Italy opens its economy while still battling the coronavirus outbreak

Image of Italian Lockdown

It seems like months have passed since Italy’s coronavirus crisis was front-page news. On March 8, 2020, the country’s government took unprecedented steps to slow down the spread of the coronavirus. Overnight the government imposed severe travel restrictions on the country’s Lombardy region, which powers the country’s economic engine. Nationwide all cultural and entertainment centers were closed. The leaders did allow food establishments to remain open but only if they could maintain social distancing of three feet. In the U.S. The de facto standard for social distancing as established by the  CDC is 6 feet. Who would dispute the fact that bars and restaurants have always been places for social engagement?  It is safe to conclude that being in proximity with one and another is part of the social experience. Regardless, the social distancing requirements imposed on Italians just like here in the USA effectively shut down the foodservice industries. Has all of these undemocratic restrictions on our personal liberties been worth it?

In terms of deaths, the coronavirus has hit Italy the hardest of European countries. Amazingly the country is now taking bold steps to reopen its economy. More than 4.4 million Italians went back to work on Monday after seven weeks of extraordinary restrictive measures, according to an Aljazeera article. Italian leaders should receive a round of applause for displaying courage in opening the country’s economy. It should not be forgotten that Italy was facing economic and political problems before the outbreak.

Why are New York’s elected officials still preaching a daily message of doom and fear of the coronavirus without offering a real path to a more normal existence? I am neither an epidemiologist, virologist, doctor, public health official, an administrator of a company that delivers health services, nor a statistician. From what I have read, a vaccine to prevent infection from the virus is a long way off. The mountains of data do not indicate why the coronavirus strikes and kills some people while others are hardly affected. It is doubtful that the lockdown and other restrictions will speed up the development of herd immunity Public policy should not be based upon the argument that this coronavirus “is novel” and, thus more research needs to be undertaken before the economy can be opened again. The problem is that the experts (and pseudo-experts) issue their opinions and finding and then debate and discredit their own research and conclusions. We have become a society infected with equivocation and lack of courage to take bold action.

I live in Queens New York City,  which is the epicenter of the virus’ rampage in New York State. By most standards, I am better off in many ways than the average New Yorker. The virus has not infected me and if it has, I have not developed any noticeable symptoms. Healthwise I am fine, though I am suffering from cabin fever. It is sad that so many people have lost their battling the virus.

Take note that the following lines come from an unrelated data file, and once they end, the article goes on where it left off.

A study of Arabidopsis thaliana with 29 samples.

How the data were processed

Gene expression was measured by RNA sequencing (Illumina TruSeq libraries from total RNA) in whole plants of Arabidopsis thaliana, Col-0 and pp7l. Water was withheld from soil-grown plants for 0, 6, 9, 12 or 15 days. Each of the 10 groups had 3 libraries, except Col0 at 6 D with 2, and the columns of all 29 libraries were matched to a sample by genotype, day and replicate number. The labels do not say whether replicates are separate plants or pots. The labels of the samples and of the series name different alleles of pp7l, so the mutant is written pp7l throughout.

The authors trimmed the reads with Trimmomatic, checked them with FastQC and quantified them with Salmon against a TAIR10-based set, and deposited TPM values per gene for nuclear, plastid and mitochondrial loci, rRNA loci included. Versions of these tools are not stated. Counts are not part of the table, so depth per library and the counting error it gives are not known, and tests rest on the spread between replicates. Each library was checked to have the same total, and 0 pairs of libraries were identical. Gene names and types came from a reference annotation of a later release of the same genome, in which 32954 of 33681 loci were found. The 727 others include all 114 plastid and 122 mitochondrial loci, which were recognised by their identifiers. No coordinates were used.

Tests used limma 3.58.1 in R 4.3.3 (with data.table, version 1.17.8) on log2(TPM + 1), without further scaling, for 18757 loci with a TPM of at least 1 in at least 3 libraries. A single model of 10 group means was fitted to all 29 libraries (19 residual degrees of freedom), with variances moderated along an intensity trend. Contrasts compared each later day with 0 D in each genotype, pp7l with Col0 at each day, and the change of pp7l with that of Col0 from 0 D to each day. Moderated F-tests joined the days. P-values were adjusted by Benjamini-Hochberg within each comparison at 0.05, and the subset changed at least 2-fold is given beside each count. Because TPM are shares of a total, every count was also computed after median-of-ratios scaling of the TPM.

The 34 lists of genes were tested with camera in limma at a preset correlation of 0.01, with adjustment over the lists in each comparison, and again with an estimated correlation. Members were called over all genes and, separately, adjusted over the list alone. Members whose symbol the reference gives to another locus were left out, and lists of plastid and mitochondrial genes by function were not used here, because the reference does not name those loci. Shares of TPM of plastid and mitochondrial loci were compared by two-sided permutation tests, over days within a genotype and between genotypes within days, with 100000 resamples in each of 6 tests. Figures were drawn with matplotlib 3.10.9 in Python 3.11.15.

What is becoming clearer every day especially since warmer weather has arrived is that the lockdown is disintegrating under its own weight. There are a lot of reasons for this breakdown. These reasons will be discussed in a later post. What New York State’s liberal Democratic leaders need to realize is that their main political base believes that the eternal lockdown is worse than the health consequences caused by the virus’ outbreak. Many average hard-working New Yorkers feel the same way as their Italian counterparts as the consequences of the lockdowns. Listen to their comments as complied in a BBC video. You cannot help but feel their pain and admire their courage.

By Leslie Elliott Armijo* To overcome the multiple challenges of the COVID‑19 crisis, Latin America’s leaders will need to build regional cooperation around pragmatic solutions – an elusive goal for countries with a legacy of disunity and weak collaboration. The coronavirus has hit at a moment of economic vulnerability. Regional growth averaged only 1.9 percent […]

via Regionalism in the Time of Coronavirus: The Only Way Forward? — AULA Blog

The AULA blog always offers insightful and well-written articles. This one is no exception to the norm.

Clearly, the region’s countries should work together politically and economically to resolve the many problems that the pandemic has caused. The virus is a global problem that needs to be resolved by nations working in unity.

Yet, this post starts by acknowledging that this is not likely to happen because of the regional countries’ legacy of disunity and weak collaboration. These observations are as true as they conflict with each other. Look at the Eurozone nations for an example of non-regional cooperation. These nations are bound by a treaty to act jointly on fiscal and economic matters. Yet, national politics and fiscal objectives constantly stretch and pull the organization apart at its legal seams. Why should we expect more political cohesion from South America/Caribbean nations that are bound only by loose regional organizations that have no enforcement teeth or money?

The pandemic coronavirus will end either by the hand of science or mother nature. Countries like Argentina, Venezuela, Ecuador, and to a lesser extend Bolivia will form a de facto bloc of irrelevant and unwilling players in the scheme of regional cooperation. These countries have  “weakened immunity system” in that their underlying political and fiscal system are already compromised. It is the lack of pragmatism that has led to their severe problems. Cooperation on a regional level can only be considered as wishful thinking.